Commerce for IAS – Decoding Algo Trading
Recently, The Securities and Exchange Board of India (SEBI) has decided to further tighten the regulations for algorithmic trading to minimise instances of misuse of such system.
What is algo or algorithmic trading?
Algorithm trading is a system of trading which facilitates transaction decision making in the financial markets using advanced mathematical tools. It is a trading system that utilizes advanced and complex mathematical models and formulas to make high-speed decisions and transactions in the financial markets. Algorithmic trading involves the use of fast computer programs and complex algorithms to create and determine trading strategies for optimal returns.
In developed markets like the US, more than 90 per cent of the trades (at much higher volumes) are done using algorithms. Also, there are not many restrictions on retail investors using algos to trade.
What makes algo trading to stand out in Indian Financial Markets?
In this type of a system, the need for a human trader’s intervention is minimized and thus the decision making is very quick. This enables the system to take advantage of any profit making opportunities arising in the market much before a human trader can even spot them.
Speedy trade execution, accuracy and reduced costs are factors that make algorithm trading popular among investors. It minimises “emotions” (while investing) and keeps investors on a preset plan.
On the flip side, Mechanical failures and software glitches are the biggest disadvantages of algo trading.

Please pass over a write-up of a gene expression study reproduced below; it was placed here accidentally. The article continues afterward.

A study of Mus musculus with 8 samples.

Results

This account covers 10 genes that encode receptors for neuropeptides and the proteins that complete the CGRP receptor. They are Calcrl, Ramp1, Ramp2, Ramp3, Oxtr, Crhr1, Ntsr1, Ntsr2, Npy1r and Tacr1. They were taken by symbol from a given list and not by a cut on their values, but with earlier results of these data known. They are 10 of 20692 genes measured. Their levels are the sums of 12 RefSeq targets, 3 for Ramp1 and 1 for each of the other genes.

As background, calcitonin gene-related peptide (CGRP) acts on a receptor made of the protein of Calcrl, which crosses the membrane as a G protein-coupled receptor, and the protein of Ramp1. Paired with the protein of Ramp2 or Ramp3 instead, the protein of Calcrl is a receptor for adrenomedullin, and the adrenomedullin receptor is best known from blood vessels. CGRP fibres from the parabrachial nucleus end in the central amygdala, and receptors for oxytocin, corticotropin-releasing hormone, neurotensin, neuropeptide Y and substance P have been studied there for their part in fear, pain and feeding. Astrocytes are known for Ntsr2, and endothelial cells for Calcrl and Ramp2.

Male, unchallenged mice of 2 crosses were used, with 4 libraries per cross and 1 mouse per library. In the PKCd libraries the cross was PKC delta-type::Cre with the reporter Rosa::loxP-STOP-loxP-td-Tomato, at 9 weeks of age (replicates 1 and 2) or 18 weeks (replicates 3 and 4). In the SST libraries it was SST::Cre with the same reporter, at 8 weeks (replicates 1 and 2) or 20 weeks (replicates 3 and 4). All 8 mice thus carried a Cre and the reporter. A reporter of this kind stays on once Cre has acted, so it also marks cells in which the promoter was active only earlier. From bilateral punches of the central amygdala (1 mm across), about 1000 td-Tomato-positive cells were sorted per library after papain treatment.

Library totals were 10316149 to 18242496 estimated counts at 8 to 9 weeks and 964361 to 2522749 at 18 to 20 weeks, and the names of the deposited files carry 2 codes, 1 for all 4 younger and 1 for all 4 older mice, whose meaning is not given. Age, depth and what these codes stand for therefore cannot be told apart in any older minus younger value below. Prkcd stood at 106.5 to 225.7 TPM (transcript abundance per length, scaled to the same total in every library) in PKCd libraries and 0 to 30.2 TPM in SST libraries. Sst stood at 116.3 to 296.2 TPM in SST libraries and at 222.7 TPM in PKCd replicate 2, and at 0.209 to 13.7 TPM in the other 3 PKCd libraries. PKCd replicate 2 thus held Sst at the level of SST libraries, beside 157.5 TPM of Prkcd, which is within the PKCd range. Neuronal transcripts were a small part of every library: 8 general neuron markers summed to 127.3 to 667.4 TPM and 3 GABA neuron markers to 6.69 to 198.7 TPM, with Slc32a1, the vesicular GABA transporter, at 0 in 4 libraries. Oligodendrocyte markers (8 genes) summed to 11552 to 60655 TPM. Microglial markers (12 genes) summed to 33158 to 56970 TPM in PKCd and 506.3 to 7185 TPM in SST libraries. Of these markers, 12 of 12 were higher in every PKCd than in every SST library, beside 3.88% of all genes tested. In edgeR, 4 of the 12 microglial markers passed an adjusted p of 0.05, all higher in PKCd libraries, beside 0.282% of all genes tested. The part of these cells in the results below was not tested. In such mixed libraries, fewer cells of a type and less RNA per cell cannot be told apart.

Algo Trading & India
Algo trading, was introduced in India in 2009 and has managed to catch the fancy of large traders since then. The appeal of these trades has grown over the years and these trades currently account for around 40 per cent of the exchange turnover.
However, the number of rules and regulation imposed by the market regulator, the Securities and Exchange Board of India, is a deterrent. The exchanges where the algo is to be used have to check the algo program and approve it before it is put to use. Getting the approval is cumbersome, keeping out many traders.
Retails investors in India are still miles away from algo trades. There are apprehensions that allowing small retail investors to trade using algorithms would be like giving a gun to someone who can’t shoot. Stringent approval processes have also restricted the spread of algorithm trading among retail investors.
Concerns over Algo trading
Sebi feels that algo trades run the risk of creating distortion in the capital market. Since market participants have been using hi-tech tools in algo trades, it may create a non-level playing field in the market.
In the recent times, participants have started using algo trading for their own benefit. Algo trades always have a large number of trades which may hamper the risk management of the stock exchanges and might impact capital market adversely.
Algo trading gathered more light after a whistleblower alleged that a stock exchange was giving unlawful access to some brokers.
Hence, the need is felt for more stringent regulations for algo trading.